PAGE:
I'm not going to go into detail on how to remove and disassemble the radio, mostly because I forgot to take pictures but also because it's really easy and there are probably dozens of tutorials out there already. Once you have the radio out, just remove the face plate and every screw you can see and the thing just comes apart. Just know you have to get the entire board to do this. When you have the board removed, turn it over and you'll see the connectors for the ribbon cable leading to the CD player unit.

It's pretty simple, you'll be hijacking the CD's audio output and adding in your own audio stream. You'll need an aux cable. You could get fancy and get a female jack and mount it somewhere nice, or you could just use a male jack and leave it dangling. I used a male because it's what I had laying around. Cut one end off and tin the ends to make it easier for yourself. You'll also want to make sure you know which wire is which channel so you can make the proper connections. I did this by taking a pair of earbuds, and just touching the ends of the wire to different sections on the earbud connector to find out which was which. I recommend you play this video:
to isolate each channel. The cable I used ended up being white for right and red for left.

Next comes the hardest part, connecting the wires. Before you solder, make sure the wire is either run through the bottom metal plate of the unit or that the other end of the connector can fit through one of the holes on the radio housing. You don;t want to solder it all together only to find out you can't fit the wire through the case! Carefully solder the ends of the AUX cable to the connectors on the board, making sure nothing is touching anything that it shouldn't be. Once I was done with this, I used some electrical tape to hold it to the board, and it seemed to make a pretty solid holding point. There is no play in the connectors, and the bottom of the metal housing seems to push up against the wire, further holding it in place. Only time will tell how solid it actually is.

After this I put everything back together and put it in my car to see how things worked. You actually need to put a CD in the player for this to work. I tried a blank CD first, but no luck. Putting an audio CD allowed me to hear the sound coming from the AUX, but it was overlaid on top of the CD's audio. This next step is a permanent modification that will break the CD player's functionality, though I imagine you could probably just solder the connectors back together if you so desired. You will need to cut the leads coming from the ribbon cable connector to the board so the CD audio doesn't play on top of your audio. The connectors you need to cut are the second and third from the left side.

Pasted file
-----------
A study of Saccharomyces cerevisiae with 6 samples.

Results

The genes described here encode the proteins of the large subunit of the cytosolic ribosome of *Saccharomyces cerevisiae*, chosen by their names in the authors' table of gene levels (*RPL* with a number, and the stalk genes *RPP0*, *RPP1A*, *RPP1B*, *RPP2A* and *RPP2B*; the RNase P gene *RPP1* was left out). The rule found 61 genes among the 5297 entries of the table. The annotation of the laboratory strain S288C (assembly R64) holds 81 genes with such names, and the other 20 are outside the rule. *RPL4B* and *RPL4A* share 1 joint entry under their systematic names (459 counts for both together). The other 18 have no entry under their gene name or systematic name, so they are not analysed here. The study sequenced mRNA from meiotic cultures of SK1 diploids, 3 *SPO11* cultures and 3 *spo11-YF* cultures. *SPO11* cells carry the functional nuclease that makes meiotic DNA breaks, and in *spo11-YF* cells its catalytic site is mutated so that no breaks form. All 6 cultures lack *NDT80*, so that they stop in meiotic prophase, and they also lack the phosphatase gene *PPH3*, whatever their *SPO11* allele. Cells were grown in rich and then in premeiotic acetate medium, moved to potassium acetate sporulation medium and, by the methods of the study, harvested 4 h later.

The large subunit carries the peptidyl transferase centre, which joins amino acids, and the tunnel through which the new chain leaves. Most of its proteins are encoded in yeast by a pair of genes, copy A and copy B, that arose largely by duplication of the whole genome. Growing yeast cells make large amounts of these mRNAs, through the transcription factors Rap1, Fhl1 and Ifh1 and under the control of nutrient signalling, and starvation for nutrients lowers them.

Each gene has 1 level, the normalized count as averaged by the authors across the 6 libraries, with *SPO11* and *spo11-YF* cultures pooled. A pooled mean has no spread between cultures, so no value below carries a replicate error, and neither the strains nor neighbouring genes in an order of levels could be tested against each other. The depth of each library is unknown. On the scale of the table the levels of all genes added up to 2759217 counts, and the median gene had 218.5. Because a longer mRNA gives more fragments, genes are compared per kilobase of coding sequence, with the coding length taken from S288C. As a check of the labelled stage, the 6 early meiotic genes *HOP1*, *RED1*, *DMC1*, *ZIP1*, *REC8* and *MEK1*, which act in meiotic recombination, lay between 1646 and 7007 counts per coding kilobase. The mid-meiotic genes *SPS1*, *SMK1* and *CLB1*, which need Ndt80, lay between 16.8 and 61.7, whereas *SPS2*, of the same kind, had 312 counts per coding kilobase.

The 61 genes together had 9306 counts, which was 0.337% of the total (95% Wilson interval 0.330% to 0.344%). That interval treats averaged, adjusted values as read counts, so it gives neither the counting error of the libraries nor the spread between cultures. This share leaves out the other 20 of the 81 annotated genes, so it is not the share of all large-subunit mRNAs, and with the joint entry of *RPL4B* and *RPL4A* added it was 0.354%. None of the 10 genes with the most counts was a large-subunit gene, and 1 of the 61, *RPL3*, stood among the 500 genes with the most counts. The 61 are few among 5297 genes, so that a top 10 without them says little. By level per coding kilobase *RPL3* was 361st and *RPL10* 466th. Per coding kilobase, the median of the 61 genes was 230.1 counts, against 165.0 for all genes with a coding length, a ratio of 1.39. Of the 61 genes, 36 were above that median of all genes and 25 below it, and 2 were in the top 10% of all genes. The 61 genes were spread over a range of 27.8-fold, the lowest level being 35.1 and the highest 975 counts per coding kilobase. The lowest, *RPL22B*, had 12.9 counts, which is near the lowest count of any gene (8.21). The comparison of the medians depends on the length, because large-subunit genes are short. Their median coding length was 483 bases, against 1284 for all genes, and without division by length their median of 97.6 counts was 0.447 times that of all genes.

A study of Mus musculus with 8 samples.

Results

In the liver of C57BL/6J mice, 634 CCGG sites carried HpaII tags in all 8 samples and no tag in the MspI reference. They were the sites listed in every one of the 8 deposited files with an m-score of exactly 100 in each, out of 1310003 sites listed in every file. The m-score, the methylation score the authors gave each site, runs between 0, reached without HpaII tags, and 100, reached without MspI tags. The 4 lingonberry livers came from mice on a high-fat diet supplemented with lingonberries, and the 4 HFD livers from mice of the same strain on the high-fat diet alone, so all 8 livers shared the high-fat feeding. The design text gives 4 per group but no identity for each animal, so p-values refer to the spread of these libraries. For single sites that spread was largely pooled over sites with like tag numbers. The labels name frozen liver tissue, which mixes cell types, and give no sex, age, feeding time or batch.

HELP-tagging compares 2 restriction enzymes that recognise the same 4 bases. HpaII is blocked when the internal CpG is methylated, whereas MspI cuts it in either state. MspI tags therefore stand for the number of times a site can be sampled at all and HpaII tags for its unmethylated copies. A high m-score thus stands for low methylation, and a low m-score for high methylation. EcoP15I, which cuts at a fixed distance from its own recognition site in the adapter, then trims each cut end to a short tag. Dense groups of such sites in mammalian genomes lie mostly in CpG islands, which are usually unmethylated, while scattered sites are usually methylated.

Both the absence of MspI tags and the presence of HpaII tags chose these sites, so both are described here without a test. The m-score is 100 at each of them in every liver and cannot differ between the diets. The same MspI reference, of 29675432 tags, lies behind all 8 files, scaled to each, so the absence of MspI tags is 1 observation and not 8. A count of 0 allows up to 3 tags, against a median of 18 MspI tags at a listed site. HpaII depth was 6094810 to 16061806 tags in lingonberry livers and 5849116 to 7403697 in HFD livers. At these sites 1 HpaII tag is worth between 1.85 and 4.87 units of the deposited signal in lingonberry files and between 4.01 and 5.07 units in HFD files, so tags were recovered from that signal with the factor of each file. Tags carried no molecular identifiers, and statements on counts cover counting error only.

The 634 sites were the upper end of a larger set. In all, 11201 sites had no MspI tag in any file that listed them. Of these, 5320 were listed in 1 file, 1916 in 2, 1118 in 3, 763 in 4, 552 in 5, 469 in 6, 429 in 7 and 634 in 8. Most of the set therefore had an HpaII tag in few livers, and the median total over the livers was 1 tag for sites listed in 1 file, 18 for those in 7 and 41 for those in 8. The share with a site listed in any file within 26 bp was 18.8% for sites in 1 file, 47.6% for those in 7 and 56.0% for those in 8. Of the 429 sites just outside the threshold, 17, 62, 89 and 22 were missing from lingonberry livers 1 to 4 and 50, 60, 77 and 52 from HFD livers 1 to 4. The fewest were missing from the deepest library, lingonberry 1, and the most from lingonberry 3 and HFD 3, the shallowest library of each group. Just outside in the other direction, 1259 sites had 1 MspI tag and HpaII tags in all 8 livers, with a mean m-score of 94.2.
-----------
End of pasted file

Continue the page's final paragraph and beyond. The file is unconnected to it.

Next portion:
Cut them like so:

Now for the fun part of putting everything back together! I drilled a hole in the top corner of the storage pocket (I love that thing by the way, so roomy). to run the wire through. It's nice and out of the way, and is convenient to where I keep my phone. The cable I used is long enough to stretch to a mounting point on the dash, or to keep my phone in the cupholder if I want to use it for navigation. This is personal preference though.

And there you have it! A working AUX connector to your 2004 car keeping everything factory! From here, you could do any number of things. You could add a Bluetooth adapter to play music over Bluetooth, get a satellite radio receiver, or anything you could normally do with an AUX cable. In the future I'm planning to get a junction box that allows me to switch inputs so I can swap between satellite radio and AUX from my phone.

Now whenever you switch to CD, you will get the audio from whatever device you have connected! As long as a CD is in there and working, this will function as it should. I imagine there is some way you could trick the unit into thinking there is a CD in when there isn't, but I haven't found that method yet. If the CD player I have no craps the bed and stops working I imagine I'll look into doing that.